Although the schizophrenia market is replete with unmet needs and its pipeline is paltry, the overall level of innovation for schizophrenia-related indications — which comprise depression, panic disorders, obsessive compulsive disorder, post-traumatic stress disorder and cognitive deficit — is far higher, and has the potential to provide some benefit to patients with schizophrenia, says business intelligence provider GBI Research.
According to the company’s latest report, the large population of schizophrenia patients in relation to its small pipeline of 134 products is indicative of a low level of investment in Research and Development (R&D), most likely because of a poor understanding of the underlying disease mechanisms. This acts as a strong barrier to the development of effective pharmaceutical products.
Dominic Trewartha, Managing Analyst for GBI Research, explains: “While current treatments offer some relief from symptoms such as hallucinations, they have not proven as effective for cognitive dysfunction and symptoms such as the inability to feel pleasure, and there are no disease-modifying drugs currently available. A number of combinations, such as the addition of adjuvant agents to antipsychotic medication, have been trialed, but they have had little impact.”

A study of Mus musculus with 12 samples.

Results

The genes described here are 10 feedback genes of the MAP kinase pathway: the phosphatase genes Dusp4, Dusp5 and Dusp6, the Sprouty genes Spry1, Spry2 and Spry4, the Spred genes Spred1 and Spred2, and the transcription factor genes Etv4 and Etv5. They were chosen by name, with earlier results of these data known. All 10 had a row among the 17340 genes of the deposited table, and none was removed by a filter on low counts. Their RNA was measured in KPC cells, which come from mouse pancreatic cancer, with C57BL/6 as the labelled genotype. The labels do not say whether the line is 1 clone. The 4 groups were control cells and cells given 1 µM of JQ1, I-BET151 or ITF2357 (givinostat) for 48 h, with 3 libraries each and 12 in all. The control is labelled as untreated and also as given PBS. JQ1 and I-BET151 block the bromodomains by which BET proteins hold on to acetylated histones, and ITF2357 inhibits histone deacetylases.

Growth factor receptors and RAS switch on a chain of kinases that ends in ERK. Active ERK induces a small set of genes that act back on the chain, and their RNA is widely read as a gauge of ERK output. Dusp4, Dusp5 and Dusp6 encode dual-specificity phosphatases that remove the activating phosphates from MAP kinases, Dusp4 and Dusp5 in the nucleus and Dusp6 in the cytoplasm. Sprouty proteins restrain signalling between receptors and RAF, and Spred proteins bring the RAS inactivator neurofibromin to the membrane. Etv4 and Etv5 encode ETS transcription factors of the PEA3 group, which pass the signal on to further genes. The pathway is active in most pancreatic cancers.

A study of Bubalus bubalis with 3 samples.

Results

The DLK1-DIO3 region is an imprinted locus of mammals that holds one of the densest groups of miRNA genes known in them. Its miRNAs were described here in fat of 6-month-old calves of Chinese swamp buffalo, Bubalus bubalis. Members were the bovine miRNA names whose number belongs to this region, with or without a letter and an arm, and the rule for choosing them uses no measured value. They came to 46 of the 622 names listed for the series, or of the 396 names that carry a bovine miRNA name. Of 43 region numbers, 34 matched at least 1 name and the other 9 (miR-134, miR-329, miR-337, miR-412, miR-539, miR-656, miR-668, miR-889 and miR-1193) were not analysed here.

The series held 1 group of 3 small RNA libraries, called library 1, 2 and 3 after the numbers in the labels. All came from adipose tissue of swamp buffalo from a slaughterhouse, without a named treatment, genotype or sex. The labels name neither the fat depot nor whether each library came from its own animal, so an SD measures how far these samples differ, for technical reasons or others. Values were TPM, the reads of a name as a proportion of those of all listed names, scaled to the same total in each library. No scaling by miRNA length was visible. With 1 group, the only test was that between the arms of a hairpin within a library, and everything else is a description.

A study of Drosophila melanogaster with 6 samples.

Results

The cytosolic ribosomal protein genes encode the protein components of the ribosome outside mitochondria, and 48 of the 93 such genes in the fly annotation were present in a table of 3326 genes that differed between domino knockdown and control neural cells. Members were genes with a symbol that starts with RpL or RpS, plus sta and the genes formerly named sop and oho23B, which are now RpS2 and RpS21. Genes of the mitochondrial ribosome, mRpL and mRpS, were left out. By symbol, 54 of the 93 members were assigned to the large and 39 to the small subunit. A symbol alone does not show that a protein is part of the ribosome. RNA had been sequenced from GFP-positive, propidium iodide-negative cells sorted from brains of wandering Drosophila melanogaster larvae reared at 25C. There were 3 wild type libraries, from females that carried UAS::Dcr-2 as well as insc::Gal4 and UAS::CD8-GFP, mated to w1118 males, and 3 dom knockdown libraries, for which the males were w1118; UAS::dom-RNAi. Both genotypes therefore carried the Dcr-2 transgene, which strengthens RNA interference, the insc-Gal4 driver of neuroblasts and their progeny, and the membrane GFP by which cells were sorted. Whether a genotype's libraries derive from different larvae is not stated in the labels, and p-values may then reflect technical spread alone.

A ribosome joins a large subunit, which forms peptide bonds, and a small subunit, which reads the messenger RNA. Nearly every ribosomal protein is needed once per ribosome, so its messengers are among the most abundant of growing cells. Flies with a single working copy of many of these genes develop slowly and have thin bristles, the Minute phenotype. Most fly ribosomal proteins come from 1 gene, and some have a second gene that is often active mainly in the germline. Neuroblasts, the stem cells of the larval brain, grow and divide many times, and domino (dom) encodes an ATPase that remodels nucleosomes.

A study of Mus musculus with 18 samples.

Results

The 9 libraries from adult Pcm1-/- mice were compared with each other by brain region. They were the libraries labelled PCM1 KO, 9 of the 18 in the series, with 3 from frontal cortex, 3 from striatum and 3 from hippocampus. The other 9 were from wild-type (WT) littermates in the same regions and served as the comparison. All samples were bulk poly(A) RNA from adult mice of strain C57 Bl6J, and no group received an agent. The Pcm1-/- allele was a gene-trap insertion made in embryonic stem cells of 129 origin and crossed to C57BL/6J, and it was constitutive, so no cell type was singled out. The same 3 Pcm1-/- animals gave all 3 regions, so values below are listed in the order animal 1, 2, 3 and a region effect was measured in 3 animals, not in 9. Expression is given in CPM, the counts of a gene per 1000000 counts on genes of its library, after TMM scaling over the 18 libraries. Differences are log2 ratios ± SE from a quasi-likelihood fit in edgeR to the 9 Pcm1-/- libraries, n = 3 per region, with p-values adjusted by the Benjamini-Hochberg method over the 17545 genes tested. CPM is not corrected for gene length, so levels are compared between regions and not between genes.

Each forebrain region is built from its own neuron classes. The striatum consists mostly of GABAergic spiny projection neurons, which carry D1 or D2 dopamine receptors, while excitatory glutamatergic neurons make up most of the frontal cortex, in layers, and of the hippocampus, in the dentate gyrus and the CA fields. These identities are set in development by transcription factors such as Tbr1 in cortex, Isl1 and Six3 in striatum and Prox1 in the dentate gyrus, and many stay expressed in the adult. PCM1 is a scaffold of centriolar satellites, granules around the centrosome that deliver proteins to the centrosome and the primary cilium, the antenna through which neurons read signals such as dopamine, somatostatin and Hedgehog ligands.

There are 360 products in the pipeline for conditions associated with schizophrenia, 60 of which are first-in-class, equating to 21% of products with a disclosed molecular target. Overall, while the proportion of first-in-class products is still low, there are more in the pipeline for schizophrenia-related indications, particularly depressions and cognitive deficit, than there are for schizophrenia itself, and these act across a far wider range of molecular targets.
Trewartha continues: “The range of innovation is relatively diverse in the pipelines for schizophrenia and related indications, with products acting on numerous novel molecular targets, including D-Amino Acid Oxidase, glutamate carboxypeptidase 2, and a number of probable G protein-coupled receptors.”
“It is likely that small molecules will remain clinically and commercially the most successful molecule types across many therapy areas and indications, being particularly relevant in the central nervous system (CNS) and schizophrenia, with only limited prospects that new product approvals could change the landscape,” he continued, adding: “Despite industry wide trends towards a diversification in therapeutic molecule types, it is unlikely that this will be translated in CNS disorders and schizophrenia, owing to the challenges of crossing the blood-brain barrier with larger and more complex molecular types.”